FOR THE SMARTPHONE GENERATION Taipan Lucero shows an artwork featuring “Baybayin” characters during a conference on indigenous languages held in Manila in May. The ornate script, repeated to form the shape of a gong, reads “Kabataan ang pagasa ng bayan” (The youth are the hope of the nation). —LYN RILLON
MANILA, Philippines — With deliberate golden strokes, artist Taipan Lucero proudly brings an ancient script back to life, in the hope of promoting an endangered but contentious part of Philippine heritage.
Once confined to history classes, Baybayin, a 17-character indigenous script used before Spanish colonization, is making a comeback among the nation’s millennials, young professionals and diaspora.
Even as technology renders writing by hand outdated, online clips of calligraphy and digital fonts for the script have gripped the smartphone generation and now Baybayin, last used hundreds of years ago, is appearing on everything, from tattoos and T-shirts to mobile apps.
Proponents hail the curvilinear text as a crucial part of Philippine identity, but in a country with 131 government-recognized languages, critics say investing in the promotion of one ancient text over others is controversial and impractical.
“It’s bittersweet. It made me proud knowing our ancestors were literate,” said Lucero, who studied calligraphy in Japan but returned home to apply his skills to reviving Baybayin.
“What’s sad about this is what’s being propagated in our education system. It’s like our history started with being colonized by Spain,” the 31-year-old added.
Baybayin was the form of writing used before the Spanish arrived in 1521, and missionaries had to learn it initially to spread Catholicism before forcing locals to adopt their Roman alphabet, historians say.
Its resurgence has prompted calls from some for a law declaring Baybayin the national script. But regional scholars say the text is important mainly to Tagalogs, the people historically based in and around the capital, rather than to all Filipinos.
Advocates say reviving Baybayin will provide an antidote for a nation grappling with its colonial past and is a way of celebrating indigenous history.
Many are proficient in English because of the American occupation. Spain ceded control to the United States in 1898 and the Philippines only became independent in 1946.
“It’s a great achievement to invent our own writing system,” Leo Emmanuel Castro, executive director of cultural group Sanghabi, told Agence France-Presse (AFP). “Our language is gender-neutral. Professions and pronouns have no sex whereas English is very sexist.”
The campaign to bring Baybayin to the mainstream advanced in January, when the House of Representatives passed a bill mandating its use in signs and educational materials. The bill is stalled in the Senate, but the proposal has been refiled in the new session that started in July.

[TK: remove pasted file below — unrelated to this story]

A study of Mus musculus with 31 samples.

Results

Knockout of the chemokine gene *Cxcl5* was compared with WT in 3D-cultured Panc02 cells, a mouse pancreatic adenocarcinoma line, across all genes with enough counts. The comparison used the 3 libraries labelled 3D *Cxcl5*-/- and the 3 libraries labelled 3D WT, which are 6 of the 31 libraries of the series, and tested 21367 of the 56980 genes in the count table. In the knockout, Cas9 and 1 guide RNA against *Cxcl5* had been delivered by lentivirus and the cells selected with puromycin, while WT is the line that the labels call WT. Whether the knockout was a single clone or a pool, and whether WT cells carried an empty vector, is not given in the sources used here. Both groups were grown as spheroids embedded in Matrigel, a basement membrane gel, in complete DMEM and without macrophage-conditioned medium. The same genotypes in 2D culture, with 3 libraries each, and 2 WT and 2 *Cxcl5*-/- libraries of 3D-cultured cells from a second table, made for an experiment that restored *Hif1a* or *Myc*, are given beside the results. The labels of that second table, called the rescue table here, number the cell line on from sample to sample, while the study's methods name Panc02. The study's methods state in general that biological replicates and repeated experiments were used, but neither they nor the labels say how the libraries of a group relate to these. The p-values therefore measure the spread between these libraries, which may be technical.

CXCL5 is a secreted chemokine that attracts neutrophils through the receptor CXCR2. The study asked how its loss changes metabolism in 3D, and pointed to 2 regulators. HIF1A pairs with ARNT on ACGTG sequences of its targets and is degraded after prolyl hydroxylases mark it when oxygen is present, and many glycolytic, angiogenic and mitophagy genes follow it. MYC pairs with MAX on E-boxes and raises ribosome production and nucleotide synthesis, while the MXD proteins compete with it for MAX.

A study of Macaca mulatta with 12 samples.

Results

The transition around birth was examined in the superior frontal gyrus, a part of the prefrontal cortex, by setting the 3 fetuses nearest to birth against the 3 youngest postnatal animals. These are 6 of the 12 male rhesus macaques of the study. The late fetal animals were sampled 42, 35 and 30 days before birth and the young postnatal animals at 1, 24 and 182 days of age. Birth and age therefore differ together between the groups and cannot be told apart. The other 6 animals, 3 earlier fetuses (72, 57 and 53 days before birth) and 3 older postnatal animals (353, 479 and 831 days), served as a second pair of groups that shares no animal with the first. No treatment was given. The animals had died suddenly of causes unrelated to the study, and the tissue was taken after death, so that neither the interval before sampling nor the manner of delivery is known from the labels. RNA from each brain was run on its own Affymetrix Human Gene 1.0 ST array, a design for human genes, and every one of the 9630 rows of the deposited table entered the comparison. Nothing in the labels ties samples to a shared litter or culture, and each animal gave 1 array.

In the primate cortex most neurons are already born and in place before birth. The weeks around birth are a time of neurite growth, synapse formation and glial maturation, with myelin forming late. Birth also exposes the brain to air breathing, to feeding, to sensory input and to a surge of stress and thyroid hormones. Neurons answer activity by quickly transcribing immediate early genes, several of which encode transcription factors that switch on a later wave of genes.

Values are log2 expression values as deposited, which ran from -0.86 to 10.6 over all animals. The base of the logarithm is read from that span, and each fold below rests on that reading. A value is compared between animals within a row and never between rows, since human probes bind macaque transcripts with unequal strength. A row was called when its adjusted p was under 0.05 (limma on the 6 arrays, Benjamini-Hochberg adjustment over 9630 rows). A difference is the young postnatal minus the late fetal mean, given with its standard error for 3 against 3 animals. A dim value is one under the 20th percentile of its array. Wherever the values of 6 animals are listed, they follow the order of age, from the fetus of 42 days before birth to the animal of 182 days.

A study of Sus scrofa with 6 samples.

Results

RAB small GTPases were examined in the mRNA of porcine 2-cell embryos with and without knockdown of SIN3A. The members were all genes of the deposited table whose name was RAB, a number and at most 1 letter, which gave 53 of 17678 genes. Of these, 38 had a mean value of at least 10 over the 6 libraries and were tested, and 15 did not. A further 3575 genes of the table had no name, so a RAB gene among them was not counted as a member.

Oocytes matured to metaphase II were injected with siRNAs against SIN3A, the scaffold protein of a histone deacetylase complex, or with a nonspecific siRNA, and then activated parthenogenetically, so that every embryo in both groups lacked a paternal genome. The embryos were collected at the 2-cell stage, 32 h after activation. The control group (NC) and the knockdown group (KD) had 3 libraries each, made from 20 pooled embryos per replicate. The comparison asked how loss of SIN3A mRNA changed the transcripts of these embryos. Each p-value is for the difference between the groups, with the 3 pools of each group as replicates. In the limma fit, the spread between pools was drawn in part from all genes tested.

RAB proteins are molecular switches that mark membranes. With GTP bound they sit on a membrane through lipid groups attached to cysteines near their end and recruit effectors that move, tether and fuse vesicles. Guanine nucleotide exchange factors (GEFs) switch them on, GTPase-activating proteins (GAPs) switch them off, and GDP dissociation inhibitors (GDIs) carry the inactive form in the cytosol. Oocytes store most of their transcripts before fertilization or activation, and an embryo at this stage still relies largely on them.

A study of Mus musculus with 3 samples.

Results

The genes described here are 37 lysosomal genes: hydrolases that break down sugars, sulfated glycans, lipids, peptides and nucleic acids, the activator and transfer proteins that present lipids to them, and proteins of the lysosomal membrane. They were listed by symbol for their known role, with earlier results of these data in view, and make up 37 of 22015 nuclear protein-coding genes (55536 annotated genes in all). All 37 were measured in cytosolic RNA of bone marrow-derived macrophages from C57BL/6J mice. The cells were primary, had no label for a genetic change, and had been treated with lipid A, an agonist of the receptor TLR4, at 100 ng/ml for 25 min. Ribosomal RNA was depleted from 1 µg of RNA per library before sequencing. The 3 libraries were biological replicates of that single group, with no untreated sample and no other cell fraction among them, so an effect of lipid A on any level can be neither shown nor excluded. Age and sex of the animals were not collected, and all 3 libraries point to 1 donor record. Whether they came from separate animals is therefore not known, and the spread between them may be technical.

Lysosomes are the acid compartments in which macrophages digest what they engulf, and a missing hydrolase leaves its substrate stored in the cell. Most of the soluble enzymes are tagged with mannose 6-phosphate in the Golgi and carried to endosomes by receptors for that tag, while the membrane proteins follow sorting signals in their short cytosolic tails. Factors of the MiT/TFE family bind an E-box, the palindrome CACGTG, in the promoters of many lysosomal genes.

Holiday hot spot Boracay Island has already ordered the use of Baybayin in signage, in a bid to counter the proliferation of Chinese characters for tourists.
Regional cultural advocates, however, say such efforts threaten all of the nation’s indigenous scripts.
Their anger is rooted in a 1937 proclamation that Tagalog be the basis of the national spoken language now called Filipino, and they see the revival of the Baybayin text as another blow for the nation’s linguistic diversity.
“The Philippines has become a country only for the Tagalogs,” said Michael Pangilinan, an advocate of the Kulitan script of Pampanga province, who warned local identity would be “completely wiped out” if using Baybayin becomes mandatory.
“The Philippine state makes us ashamed of who we are until the Kapampángan people themselves are the ones repressing their own language and culture to become Filipinos (Tagalog),” Pangilinan said in an email to AFP.
Of the 17 documented Philippine syllabary systems of consonant and vowel syllables, only four remain in use among indigenous communities today, according to Unesco.
“When it comes to a national discussion, you need to use the dominant language known by the majority,” countered Jay Enage, chair of Baybayin Buhayin, a group lobbying for the bill.
But the practicalities of bringing a historic script into modern use, teaching it in schools, and honing it to fit places of work and 21st century life, may be the biggest challenge.
“It will just be a novelty, for display,” said Joselito Delos Reyes, professor of creative writing and popular culture at Manila’s University of Santo Tomas.
“It won’t be a platform for communication,” he added, saying lawmakers should instead prioritize improving education infrastructure and teachers’ salaries.
Virgilio Almario, chair of the government commission on Filipino language, said it was important to walk the line between losing scripts to extinction and being practical about usage.
“We need to balance this carefully. We need Filipino as a bridge language but we should also appreciate the languages of all communities,” he said.
More than division, advocates say Filipinos should see opportunity in belonging to a multilingual country.
“The heart and soul of a country is its culture. The problem is that we don’t value it due to our colonial mentality,” Filipino-American Baybayin artist Kristian Kabuay told AFP.
Asked if the current Baybayin resurgence is just a fad, calligrapher Lucero insisted it was vital Filipinos take the time to understand the script’s importance.
He added: “It’s part of our culture and our identity, and if we forget about it, we throw away part of ourselves.”